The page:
Zoo Living, pt 2 [Clinics Series]

For block 11 and 12, I shadowed the veterinary medical team at the North Carolina Zoo.  This was a very familiar environment for me, because I volunteered over 90 hours during the summer of 2011 at the wildlife rehabilitation center associated with the zoo, and toured the hospital on a Pre-Vet Club field trip in undergrad.  However, neither of those experiences afforded me the opportunity to specifically shadow the veterinarians, so I was very much looking forward to spending four weeks on the “other side” of the zoo.

Each morning started with rounds to discuss the agenda for the day.  These rounds included the veterinarians, veterinary technicians, veterinary office staff, wildlife center veterinary technicians, and any veterinary students interning with either the wildlife center or the zoo (usually myself and one other person).  Coincidentally, my externship overlapped with the first few weeks during which a newly-hired veterinarian had just started at the zoo.  This was convenient for me because the rest of the staff spent a little more time than they otherwise would explaining the background of how the zoo works.  Obviously this was for her benefit, but I enjoyed hearing it nevertheless.

After discussing the plan for the day, we would start on our appointments, which usually involved assembling equipment and piling into the pickup trucks.  If we needed to do something more involved (i.e. sedating the animal for radiographs or a thorough physical exam), we would transport the patient to the hospital via the zoo ambulance instead.  If there were multiple appointments at the same time, we would split up to address everything, but this happened infrequently.  This was different than my previous externship at the Omaha Zoo, where there were almost always multiple procedures or appointments happening at the same time.  However, the Omaha Zoo has a larger collection, as well as five veterinarians total, whereas the North Carolina Zoo has three veterinarians, including the brand new vet.

Unlike my time at the Omaha Zoo, I did not stay locally during this rotation.  Although I did have the option to stay in a nearby cabin available to interns, I opted to commute from home, thereby getting to spend an entire month with my dogs (and my partner).  They live an hour away from school but only ~50 minutes away from the zoo, which is actually closer than the zoo is from school.  I commuted an hour to and from school during first year, where I perfected studying via audio flashcards, but after that year I moved closer to school.  Long commutes don’t bother me as long as I can keep myself entertained, so I took advantage of the situation to practice Spanish via Audible and to listen to podcasts.  In retrospect, I probably should have returned to my audio flashcard ways and studied for the NAVLE, but that didn’t seem like nearly as much fun at the time.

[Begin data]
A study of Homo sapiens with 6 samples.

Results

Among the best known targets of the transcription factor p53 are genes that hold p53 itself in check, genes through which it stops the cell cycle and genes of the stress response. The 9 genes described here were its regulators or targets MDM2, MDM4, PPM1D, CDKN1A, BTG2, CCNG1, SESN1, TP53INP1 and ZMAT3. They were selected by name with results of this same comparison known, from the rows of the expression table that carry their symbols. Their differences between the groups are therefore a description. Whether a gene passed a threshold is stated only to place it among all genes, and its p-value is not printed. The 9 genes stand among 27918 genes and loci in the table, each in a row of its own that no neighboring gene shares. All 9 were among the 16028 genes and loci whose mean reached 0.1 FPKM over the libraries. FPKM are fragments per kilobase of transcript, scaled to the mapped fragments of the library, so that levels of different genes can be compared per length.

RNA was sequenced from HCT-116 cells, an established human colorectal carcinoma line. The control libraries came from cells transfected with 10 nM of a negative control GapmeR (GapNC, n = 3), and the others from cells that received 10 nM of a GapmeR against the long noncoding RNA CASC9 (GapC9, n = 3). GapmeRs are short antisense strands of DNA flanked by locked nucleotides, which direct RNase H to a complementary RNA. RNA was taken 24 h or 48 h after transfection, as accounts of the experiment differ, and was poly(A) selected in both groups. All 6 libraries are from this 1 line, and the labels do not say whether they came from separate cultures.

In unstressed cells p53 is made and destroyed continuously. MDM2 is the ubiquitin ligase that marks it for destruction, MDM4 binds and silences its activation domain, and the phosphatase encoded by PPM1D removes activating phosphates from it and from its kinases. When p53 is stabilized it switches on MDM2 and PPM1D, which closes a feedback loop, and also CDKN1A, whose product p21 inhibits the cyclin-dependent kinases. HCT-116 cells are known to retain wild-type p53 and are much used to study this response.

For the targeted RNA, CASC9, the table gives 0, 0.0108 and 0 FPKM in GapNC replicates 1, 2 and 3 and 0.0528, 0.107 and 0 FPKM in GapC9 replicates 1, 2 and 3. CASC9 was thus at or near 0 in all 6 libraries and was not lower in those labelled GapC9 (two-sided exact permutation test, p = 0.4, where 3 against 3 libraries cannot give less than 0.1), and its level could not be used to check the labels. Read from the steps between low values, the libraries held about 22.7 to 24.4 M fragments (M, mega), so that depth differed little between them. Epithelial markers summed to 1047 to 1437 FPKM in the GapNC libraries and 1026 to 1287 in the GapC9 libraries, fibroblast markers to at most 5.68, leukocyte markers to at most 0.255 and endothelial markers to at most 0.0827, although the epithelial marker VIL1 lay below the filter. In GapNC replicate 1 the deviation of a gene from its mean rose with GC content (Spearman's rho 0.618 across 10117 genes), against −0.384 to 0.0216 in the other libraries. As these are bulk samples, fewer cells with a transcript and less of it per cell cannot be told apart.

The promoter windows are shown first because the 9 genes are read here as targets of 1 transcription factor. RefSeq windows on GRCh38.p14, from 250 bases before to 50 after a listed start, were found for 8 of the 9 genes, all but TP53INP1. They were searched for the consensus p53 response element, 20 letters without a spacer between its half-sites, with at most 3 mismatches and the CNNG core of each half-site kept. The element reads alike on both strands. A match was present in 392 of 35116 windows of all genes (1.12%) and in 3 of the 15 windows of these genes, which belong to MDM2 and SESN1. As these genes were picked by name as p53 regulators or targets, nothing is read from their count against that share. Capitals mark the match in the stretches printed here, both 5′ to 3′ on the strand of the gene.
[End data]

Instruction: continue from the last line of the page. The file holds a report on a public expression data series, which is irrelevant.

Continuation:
Some days at the zoo were packed from end to end, especially if there was an emergency.  However, there were also a few very slow days.  One day in particular I spent 8 hours cross-referencing a list of toxic plants with the list of plants approved for enclosures.  I found out later that they give this assignment to pretty much all the externs, with slight variation – i.e. one student might be assigned to cross-reference the plants approved for the bear exhibits, whereas another might be assigned the prairie exhibit.  I did manage to find a handful of plants that were approved which shouldn’t have been, which made the task feel a little less menial.  Students are also responsible for conducting a lunchtime presentation on a topic of interest to the NC Zoo staff.  Fortunately, I had the opportunity to give my presentation on female elephant reproduction, which fit perfectly with both my interests, since my dream job is to work as a reproductive specialist for zoological species, and the zoo’s interests, since they would hypothetically like to breed their elephants.

Overall, I really enjoyed my time at the NC Zoo.  The staff was welcoming and friendly, and I had many hands-on opportunities to practice my medical skills.  This was a great block to experience life as a zoo vet!

This post is part of a series documenting my clinical year in veterinary school.  To read more from the series, please visit the Clinic Series homepage.